Updated on August 14, 2014

Aging a Room for a Special Occasion

Halloween will be here faster than you know and with a few more months to plan a party, I thought I'd share this tip I taught myself on how to age a room.

While it wasn't for a Halloween party I lent my house out for a TV shoot a few years ago. The location called for a dingy small apartment above a dive bar. At first it didn't seem like a problem.

Then I thought about it.

All of the walls in my house are beige as opposed to white so the problem was to change the color (without changing the paint) since both the living room and kitchen would be used for one location and my bedroom would be the "apartment."

I searched websites and couldn't find anything to distress a room. Clothing and furniture yes, but walls no. So I started thinking (and that can be a dangerous thing when I get an idea).

What I did was to use ash from the fireplace and test it in one spot. I dabbed a feather duster in water, then into the ash and with the duster acted as though I were painting. It was light at first but then it did get darker as the ash became clumped and adhered to the wall. I used a regular white feather duster and I noticed a smaller feather had been pulled out and was sticking to the wall. The closer I looked it became "chipped paint" (this could also work with smaller feathers) due to the ash.

When I had one wall completed, I put a couple of older pictures I had on the wall and it became an instant success. I also used charcoal to rub into my untreated moulding and used the feather duster over it again. Anything that looks old and beat up should look great on walls and on table tops.

But something was missing and then I thought it needed a water stain.This was another brainteaser since I wasn't sure how I could accomplish this. Once again problem solved. Water stains really don't have a set pattern, so, I started with yellow chalk (which didn't work) and orange (still no luck) and added some charcoal as a line. With no luck, I started to rub it off the wall and as luck would have it the beginning of a water stain started. I then went over the area with the ash mix (which does clump very fast) and presto an instant water stain.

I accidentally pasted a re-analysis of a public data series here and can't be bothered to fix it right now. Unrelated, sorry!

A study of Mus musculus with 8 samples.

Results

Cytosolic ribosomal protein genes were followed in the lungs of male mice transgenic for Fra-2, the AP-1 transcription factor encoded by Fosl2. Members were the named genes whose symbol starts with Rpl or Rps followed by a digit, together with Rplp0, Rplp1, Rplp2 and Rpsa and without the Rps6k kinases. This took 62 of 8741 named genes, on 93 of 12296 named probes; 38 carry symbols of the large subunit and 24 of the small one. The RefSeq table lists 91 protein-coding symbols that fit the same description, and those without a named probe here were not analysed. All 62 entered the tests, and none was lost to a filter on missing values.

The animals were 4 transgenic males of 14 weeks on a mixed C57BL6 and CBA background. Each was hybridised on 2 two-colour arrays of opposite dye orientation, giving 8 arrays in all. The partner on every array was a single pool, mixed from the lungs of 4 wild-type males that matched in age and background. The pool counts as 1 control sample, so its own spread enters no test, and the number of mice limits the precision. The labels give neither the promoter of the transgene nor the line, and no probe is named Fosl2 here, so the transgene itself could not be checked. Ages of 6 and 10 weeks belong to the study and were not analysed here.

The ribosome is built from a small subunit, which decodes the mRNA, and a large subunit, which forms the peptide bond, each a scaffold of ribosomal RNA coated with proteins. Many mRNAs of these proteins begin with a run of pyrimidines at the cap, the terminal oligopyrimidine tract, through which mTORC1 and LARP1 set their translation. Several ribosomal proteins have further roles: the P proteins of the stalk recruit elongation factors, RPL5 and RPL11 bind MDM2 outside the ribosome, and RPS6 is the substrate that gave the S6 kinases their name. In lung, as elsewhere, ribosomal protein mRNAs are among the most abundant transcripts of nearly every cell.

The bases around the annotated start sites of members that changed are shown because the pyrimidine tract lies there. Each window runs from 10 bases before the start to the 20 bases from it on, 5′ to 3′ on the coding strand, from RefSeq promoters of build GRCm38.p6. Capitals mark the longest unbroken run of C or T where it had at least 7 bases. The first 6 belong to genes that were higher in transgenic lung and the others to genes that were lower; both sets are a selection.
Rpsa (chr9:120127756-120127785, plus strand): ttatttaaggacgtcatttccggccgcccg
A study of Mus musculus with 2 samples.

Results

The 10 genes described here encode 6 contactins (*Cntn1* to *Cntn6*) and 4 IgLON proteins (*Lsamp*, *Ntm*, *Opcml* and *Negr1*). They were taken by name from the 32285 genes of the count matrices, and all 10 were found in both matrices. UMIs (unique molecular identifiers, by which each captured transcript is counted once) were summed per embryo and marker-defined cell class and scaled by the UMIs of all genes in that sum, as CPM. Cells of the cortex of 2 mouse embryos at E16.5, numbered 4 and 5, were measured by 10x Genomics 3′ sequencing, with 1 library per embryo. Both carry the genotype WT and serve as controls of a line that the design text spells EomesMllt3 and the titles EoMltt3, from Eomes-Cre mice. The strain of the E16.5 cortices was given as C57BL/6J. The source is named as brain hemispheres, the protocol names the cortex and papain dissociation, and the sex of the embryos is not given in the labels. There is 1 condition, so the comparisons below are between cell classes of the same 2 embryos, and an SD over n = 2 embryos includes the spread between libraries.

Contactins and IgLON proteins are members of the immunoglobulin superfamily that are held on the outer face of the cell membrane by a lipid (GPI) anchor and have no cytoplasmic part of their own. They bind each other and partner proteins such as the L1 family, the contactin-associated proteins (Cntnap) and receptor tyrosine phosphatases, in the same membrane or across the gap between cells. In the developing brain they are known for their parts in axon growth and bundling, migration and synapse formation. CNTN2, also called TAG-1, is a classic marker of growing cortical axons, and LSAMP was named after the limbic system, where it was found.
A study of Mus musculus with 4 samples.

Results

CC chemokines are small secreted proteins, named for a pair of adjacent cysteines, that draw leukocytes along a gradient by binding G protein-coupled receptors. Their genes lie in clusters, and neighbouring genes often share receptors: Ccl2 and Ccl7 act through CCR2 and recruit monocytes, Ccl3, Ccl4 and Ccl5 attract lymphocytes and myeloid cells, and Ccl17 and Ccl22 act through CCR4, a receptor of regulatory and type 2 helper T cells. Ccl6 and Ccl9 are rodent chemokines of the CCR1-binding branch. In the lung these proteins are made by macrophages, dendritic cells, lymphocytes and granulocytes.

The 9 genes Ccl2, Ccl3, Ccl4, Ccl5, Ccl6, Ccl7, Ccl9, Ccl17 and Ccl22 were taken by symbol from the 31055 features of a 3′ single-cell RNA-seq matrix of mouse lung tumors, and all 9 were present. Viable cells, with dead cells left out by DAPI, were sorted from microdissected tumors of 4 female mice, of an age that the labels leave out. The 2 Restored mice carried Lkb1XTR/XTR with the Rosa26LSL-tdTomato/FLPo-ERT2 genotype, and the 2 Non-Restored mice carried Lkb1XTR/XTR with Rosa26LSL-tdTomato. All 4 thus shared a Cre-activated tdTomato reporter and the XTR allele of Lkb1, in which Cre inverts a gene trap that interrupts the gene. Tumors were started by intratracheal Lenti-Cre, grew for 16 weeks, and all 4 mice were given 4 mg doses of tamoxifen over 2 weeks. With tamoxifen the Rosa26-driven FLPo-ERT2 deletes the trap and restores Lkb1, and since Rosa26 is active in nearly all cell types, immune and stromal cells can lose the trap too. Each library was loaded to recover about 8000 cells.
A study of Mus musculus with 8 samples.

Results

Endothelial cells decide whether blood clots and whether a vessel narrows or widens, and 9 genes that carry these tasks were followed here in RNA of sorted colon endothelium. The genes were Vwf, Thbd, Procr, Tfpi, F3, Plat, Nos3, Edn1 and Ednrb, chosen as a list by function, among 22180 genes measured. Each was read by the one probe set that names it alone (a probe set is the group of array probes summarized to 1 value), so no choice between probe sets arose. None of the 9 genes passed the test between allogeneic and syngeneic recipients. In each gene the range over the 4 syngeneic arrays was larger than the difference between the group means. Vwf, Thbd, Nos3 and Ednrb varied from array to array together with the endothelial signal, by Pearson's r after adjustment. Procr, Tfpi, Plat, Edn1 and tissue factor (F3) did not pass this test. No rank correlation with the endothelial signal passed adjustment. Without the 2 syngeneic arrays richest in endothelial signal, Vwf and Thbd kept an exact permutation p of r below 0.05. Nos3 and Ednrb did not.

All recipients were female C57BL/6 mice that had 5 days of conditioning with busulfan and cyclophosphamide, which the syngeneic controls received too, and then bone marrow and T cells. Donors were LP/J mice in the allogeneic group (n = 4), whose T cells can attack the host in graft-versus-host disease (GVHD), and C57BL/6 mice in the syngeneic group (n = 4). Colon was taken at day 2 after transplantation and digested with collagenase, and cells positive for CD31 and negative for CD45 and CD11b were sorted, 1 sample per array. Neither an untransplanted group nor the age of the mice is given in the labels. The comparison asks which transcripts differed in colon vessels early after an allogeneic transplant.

If you're thinking of changing wallpaper, do it after your party. Partially tearing down and leaving strips on the wall will make a great effect.

For the windows on my door, I used regular (white) scouring powder to give it a waxed look and took the curtains off of the window and added yellowed newspaper. Tattered curtains could have done the trick, but the "apartment" was supposed to be a store room as well. I also needed to add "spackle" to the walls so white toothpaste did the trick (and I did use some ash on them to bring them out a bit after the "spackle" dried a few days later).

Since I'm more neutral when it comes to colors, I used darker furniture and placed black tape on an arm of the sofa bed I moved into the room and for stuffing, I used store bought cobwebs.

My cat loves to use a couple of chairs as her own personal scratching post so those chairs were tested in the room and then I settled on an updated version of a chair from years ago. It has no arms but a friend of mine did spill some red pop onto it so with the stain and dust it fit perfectly.

Lighting is also a key so keep the bulbs at about 40 watts and try to use darker, older lamp shades. If they're dusty it'll add to the effect you're trying to accomplish.

I should have done this- call someone who knows special effects from a community theater for advice, but in reality when you do clean up the walls use Murphy's Oil Soap and within minutes your room is back to it's original finish (and smells fresh!).